The overarching question imparting urgency to this exploration is: Can U.S.-Russian contention in cyberspace cause the two nuclear superpowers to stumble into war? In considering this question we were constantly reminded of recent comments by a prominent U.S. arms control expert: At least as dangerous as the risk of an actual cyberattack, he observed, is cyber operations’ “blurring of the line between peace and war.” Or, as Nye wrote, “in the cyber realm, the difference between a weapon and a non-weapon may come down to a single line of code, or simply the intent of a computer program’s user.”
A discussion with Dr. Amaney Jamal, Associate Professor of Politics, Princeton University.
Amaney Jamal is Associate Professor of Politics at Princeton University, and she currently directs the Workshop on Arab Political Development. Jamal's current research focuses on democratization and the politics of civic engagement in the Arab World. She extends her research to the study of Muslim and Arab Americans, examining the pathways that structure their patterns of civic engagement in the US.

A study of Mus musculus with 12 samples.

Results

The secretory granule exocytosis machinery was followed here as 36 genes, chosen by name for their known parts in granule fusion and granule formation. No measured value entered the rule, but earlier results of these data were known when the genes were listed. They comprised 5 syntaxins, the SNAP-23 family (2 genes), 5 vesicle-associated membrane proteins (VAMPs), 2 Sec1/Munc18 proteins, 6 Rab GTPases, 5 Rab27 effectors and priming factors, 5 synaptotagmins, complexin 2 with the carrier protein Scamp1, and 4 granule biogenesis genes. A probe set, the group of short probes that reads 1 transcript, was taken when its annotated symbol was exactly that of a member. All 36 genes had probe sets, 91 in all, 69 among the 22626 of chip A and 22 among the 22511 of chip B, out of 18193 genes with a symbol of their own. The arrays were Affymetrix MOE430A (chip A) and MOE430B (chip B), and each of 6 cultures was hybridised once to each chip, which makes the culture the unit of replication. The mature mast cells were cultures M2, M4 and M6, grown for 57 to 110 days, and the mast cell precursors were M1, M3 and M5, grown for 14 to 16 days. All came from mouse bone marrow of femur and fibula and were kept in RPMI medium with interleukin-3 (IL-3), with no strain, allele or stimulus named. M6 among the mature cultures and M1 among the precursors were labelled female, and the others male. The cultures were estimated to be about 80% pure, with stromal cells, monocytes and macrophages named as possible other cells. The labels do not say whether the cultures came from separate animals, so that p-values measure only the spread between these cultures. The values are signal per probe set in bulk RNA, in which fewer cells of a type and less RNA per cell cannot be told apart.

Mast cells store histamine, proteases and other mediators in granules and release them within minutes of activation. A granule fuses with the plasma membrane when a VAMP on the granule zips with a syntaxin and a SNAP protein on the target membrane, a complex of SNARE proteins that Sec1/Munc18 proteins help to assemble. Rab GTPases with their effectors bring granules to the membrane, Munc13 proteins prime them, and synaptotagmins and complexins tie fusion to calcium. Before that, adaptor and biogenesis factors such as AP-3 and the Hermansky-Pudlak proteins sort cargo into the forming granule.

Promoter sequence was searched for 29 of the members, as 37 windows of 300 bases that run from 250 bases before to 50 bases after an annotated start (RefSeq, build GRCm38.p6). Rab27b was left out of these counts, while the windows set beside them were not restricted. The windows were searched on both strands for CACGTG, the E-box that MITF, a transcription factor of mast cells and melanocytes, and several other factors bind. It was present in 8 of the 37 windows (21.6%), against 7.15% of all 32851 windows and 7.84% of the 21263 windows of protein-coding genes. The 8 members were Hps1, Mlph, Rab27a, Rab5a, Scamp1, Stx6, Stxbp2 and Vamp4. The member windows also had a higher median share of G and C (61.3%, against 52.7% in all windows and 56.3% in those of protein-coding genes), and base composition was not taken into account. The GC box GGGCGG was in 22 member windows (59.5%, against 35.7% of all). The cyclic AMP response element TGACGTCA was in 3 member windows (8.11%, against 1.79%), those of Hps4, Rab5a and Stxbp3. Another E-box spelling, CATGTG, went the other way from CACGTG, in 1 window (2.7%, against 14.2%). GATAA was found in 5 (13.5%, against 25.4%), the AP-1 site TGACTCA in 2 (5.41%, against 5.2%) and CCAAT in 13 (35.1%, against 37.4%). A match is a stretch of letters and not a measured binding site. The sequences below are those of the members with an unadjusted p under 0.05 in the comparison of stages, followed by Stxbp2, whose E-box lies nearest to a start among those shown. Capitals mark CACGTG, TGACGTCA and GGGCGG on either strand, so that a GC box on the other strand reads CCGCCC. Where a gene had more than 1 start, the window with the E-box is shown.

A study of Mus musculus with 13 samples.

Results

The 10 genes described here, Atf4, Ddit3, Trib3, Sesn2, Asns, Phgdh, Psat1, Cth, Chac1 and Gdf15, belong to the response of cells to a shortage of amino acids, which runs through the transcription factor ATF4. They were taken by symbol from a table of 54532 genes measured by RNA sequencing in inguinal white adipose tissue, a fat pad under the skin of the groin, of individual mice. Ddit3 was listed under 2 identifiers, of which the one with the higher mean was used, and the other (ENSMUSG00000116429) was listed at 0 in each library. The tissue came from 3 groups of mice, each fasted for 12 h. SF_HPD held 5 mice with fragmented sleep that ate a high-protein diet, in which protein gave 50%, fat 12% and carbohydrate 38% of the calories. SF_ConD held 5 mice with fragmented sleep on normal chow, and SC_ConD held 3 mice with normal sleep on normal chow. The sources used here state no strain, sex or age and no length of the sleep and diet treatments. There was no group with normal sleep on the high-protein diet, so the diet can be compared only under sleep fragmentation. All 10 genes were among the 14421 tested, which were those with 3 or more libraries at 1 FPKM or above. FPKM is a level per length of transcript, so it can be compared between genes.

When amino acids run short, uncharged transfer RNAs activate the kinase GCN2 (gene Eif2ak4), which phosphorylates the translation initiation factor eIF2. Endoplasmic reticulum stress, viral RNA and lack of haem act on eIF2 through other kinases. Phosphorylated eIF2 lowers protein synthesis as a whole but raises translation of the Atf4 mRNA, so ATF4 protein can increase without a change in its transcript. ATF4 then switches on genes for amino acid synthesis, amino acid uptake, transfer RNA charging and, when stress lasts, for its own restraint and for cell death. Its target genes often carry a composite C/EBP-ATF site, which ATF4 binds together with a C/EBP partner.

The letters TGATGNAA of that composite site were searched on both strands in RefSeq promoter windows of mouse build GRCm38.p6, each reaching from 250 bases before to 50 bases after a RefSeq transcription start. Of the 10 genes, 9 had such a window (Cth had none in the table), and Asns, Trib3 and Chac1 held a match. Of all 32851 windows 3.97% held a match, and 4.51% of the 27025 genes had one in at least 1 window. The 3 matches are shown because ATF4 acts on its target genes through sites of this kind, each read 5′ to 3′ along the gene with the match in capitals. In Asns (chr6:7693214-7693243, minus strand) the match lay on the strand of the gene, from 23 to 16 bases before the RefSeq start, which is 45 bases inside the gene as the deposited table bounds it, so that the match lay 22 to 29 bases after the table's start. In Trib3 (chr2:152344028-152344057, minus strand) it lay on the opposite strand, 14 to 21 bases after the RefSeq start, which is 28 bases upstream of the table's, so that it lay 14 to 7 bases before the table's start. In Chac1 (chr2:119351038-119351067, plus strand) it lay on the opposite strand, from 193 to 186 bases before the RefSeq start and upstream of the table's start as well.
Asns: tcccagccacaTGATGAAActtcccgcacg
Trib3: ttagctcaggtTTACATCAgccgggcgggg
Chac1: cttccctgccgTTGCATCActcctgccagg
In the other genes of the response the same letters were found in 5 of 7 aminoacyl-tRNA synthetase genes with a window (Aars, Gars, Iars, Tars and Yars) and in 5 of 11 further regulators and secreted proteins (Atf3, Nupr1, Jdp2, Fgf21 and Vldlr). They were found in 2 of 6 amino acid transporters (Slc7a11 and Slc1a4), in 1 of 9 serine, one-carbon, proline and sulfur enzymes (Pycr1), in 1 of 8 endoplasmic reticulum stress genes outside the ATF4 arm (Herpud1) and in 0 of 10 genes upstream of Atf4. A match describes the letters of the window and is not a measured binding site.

Jamal has written four books. Her first book, Barriers to Democracy, which won the Best Book Award in Comparative Democratization at the American Political Science Association (2008), explores the role of civic associations in promoting democratic effects in the Arab World. Her second book, an edited volume with Nadine Naber (University of Michigan), looks at the patterns and influences of Arab American racialization processes. She is revising a third book on patterns of citizenship in the Arab world, tentatively entitled Of Empires and Citizens: Authoritarian Durability in the Arab World (under contract with Princeton University Press). Jamal is also a co-author on the book, Citizenship and Crisis: Arab Detroit after 9-11. Finally, Jamal is working on a new single-authored book project entitled Living Poverty: The Urban and Rural Poor in Comparative Development. Jamal is a principal investigator of the "Arab Barometer Project," winner of the Best Dataset in the field of Comparative Politics: Lijphart/Przeworski/Verba Dataset Award (2010); co-PI of the "Detroit Arab American Study," a sister survey to the Detroit Area Study; and Senior Advisor on the Pew Research Center Projects focusing on Islam in America (2006) and Global Islam, (2010). In 2005, Jamal was named a Carnegie Scholar.